As a leading provider of Electronic Work Diaries (EWD) and other electronic solutions, Teletrac Navman believes electronic logging of transport drivers’ work times has a number of benefits for transport operators over the traditional paper work diary.
The company’s Safety Solutions Specialist and former WA police officer, Chris L’Ecluse, suggested that as a part of major trucking industry reforms, EWD will be an integral part of Australian trucking operations within five to ten years.
L’Ecluse, who has had significant experience in transport abroad, said he was in the USA when that country’s transport industry started transitioning from paper to EWD around 2011.
“We’re now facing the same challenges that our US counterparts were facing during their transition to EWD, and in many ways, due to their industry’s much larger size, the issues were worse than ours,” said L’Ecluse.
“I recall being blatantly told by US transport operators at conferences back then, ‘I can’t use this electronic stuff – I have to run hot to make a dollar’.”
L’Ecluse said it was only about five years after their introduction that EWD became mandatory in the US around 2016.
“Nowadays in the US if you’re going to run a commercial operation with a heavy vehicle you must have an EWD,” he said. “It’s largely helped the country get rid of the cowboys and change the mindset of the industry, and I think we’ll experience the same thing in Australia.”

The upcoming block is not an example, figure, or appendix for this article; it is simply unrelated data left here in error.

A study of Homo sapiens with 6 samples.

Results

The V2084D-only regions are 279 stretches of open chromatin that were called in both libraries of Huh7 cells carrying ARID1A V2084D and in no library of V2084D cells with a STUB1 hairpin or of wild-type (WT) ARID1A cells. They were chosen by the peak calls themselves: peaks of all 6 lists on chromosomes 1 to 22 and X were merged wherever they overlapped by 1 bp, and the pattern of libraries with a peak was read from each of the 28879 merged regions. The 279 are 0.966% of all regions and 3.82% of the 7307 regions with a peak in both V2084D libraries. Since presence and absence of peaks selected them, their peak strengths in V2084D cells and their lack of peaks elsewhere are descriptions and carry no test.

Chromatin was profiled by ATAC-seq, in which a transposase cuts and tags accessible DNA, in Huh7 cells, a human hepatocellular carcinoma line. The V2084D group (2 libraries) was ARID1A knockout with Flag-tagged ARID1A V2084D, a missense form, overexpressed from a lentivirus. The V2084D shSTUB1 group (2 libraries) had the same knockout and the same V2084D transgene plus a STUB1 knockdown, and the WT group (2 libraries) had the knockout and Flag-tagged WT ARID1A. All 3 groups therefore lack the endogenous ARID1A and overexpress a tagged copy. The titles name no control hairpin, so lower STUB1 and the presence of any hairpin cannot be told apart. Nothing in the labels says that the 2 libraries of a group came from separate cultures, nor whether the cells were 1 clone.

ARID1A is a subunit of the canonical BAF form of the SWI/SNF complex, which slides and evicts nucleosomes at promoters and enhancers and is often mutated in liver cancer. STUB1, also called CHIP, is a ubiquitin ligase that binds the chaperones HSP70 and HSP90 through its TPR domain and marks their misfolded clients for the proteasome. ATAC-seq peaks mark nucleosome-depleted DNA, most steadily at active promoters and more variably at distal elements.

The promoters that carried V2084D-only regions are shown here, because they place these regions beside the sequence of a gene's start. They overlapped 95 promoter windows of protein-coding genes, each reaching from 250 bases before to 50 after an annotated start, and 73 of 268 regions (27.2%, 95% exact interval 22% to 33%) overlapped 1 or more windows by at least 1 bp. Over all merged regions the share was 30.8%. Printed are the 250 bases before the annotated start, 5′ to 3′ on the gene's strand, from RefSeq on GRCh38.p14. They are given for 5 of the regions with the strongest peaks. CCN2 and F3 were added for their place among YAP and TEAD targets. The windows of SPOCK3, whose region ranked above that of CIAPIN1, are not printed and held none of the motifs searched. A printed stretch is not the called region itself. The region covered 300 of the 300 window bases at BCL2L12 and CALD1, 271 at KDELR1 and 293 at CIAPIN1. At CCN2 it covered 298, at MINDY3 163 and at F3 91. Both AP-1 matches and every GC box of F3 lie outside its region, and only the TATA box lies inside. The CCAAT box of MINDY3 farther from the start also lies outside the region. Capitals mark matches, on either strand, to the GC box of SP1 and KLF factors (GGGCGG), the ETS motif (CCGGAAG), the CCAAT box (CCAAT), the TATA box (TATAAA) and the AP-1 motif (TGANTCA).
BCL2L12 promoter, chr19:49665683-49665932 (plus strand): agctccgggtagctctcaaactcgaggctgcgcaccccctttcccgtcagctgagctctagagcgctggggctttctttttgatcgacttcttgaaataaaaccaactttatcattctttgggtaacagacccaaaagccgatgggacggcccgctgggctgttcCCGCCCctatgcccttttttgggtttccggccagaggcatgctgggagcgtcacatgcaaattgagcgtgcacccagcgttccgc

L’Ecluse said he believes it’s too early at this stage to mandate EWDs in Australia.
However, he also suggests most operators recognise the benefits are not just in fatigue management, but also in productivity improvements relating to back-office data collection where EWDs provide a more accurate account of what is going on in the business.
“I’d like to think that within five to ten years we will adopt a similar mindset and mandate EWDs in this country,” L’Ecluse said.
He went on to reinforce this stance by saying that one of the issues currently facing enforcement officers is that there is now a mix of paper and electronic logs, with some drivers having to use both if they work for two different companies where one uses EWD and the other doesn’t.
In this case, L’Ecluse explained the driver has to manage both types of diaries, ensuring they match. If he gets pulled over for a log check, the officer may get confused and err on the side of prosecution rather than caution.
“I believe we will encounter some of these issues but I urge the industry to be patient and the enforcement agencies to be understanding and to listen to the drivers when they say they have met their compliance obligations,” he said.
“We need the enforcement officers to not go into this with the mindset of ‘you’re wrong and I’m right’, but rather, one of understanding and investigation. If, upon investigation, the individual is found to be breaching, then take action.”
L’Ecluse added that despite experiencing a few lumps and bumps along the way, most organisations that have adopted the EWD are giving fantastic feedback on how it is helping them in day-to-day operations.
“There’s always going to be ongoing discussion around how technology can better inform transport operations, particularly fatigue management and productivity,” said L’Ecluse.
“I do believe that the first two or three years of voluntary EWD adoption in Australia will be a great learning time for all concerned,” he said.
“I’m 100 per cent sure that those operators who have taken the option of introducing EWD will be the voice of change because they will be able to articulate the benefits impartially to authorities like the National Heavy Vehicle Regulator about the benefits and pitfalls.
“I’m convinced that the benefits will far outweigh the pitfalls – which will be overcome in a short amount of time,” he said.